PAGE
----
For The Roses

The house was empty. It had been empty for some time. He could tell by the smell of it. Most of the houses he cleared had that smell. Fusty, whatever fusty meant. He had decided that it meant dead.

Cobwebs strung across the door as he entered. Silver strands hung from an old lampshade in the centre of the ceiling. He brushed them aside with his hand as he moved, looking around. In the centre of the room, he stopped.

The curtains to the small living room had been closed but not pulled together. Dust motes hurried through streaks of sunlight that leaked in through the gap. The light reflected off a glass-fronted display cabinet standing against the wall behind a leather sofa. There was a matching leather armchair. The cabinet was filled with a collection of porcelain figurines. A painting of a country house had been positioned on the wall above the cabinet. Decorative prints of rural scenes hung on either side of the painting. There was nothing of any value in what he saw.

On top of the cabinet stood a large framed photograph of a young bride and groom. The clothes they wore were from the sixties. The couple were smiling. A later photograph showed them wrinkled and unsmiling at a wedding. Smaller photographs stood beside these. They showed the progression of a girl from a baby to a child to a young woman. The most recent photograph showed the young woman in a wheelchair looking out over a beach. The man looked at the young woman for some time.

In the corner of the room near the front window he saw a television. It was a recent model with a screen too big for the size of the room. The television stood on a storage unit crammed with video tapes. The man noticed that there was no VCR. An old electric fire sat in a tiled hearth below an unframed wall-mounted mirror. In the centre of the mantel shelf was a wind-up wooden clock. The clock had stopped. He tried to wind it but the key just kept turning. A lidded vase stood on one end of the mantel. The vase was made of plain white marble or alabaster. The worn leather armchair had been pulled up close to the fire. Or perhaps the vase.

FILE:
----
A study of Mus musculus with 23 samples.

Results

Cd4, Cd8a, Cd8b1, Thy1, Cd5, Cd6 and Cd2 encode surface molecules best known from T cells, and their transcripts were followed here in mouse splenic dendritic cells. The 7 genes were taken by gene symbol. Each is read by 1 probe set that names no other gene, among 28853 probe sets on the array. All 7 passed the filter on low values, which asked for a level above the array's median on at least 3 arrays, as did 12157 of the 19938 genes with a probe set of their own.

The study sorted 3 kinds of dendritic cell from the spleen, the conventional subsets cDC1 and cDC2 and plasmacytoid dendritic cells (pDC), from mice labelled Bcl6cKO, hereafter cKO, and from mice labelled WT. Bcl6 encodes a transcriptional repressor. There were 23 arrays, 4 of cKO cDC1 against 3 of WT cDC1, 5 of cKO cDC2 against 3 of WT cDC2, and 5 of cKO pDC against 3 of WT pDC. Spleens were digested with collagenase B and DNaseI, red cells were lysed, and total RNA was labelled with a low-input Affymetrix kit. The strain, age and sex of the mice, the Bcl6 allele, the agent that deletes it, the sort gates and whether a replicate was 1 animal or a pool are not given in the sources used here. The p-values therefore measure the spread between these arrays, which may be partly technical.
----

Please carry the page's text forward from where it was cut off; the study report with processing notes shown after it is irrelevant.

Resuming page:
The man sighed. Then he thought for a moment. He picked up the vase and took it back out to the front of the house. The small garden had been given over to roses. He walked around them. There was a tall bush with white flowers. It had the prettiest flowers and the strongest scent. He emptied the contents of the vase around the base of the rose bush. Dust from the pile of ash drifted up in a thin cloud. The man stepped away quickly. He didn’t want to breathe anything in. He felt that would have been disrespectful.

“I suppose that’s really all we’re good for in the end,” he thought. “The roses.”

He walked back into the house and began to clear away other people’s lives.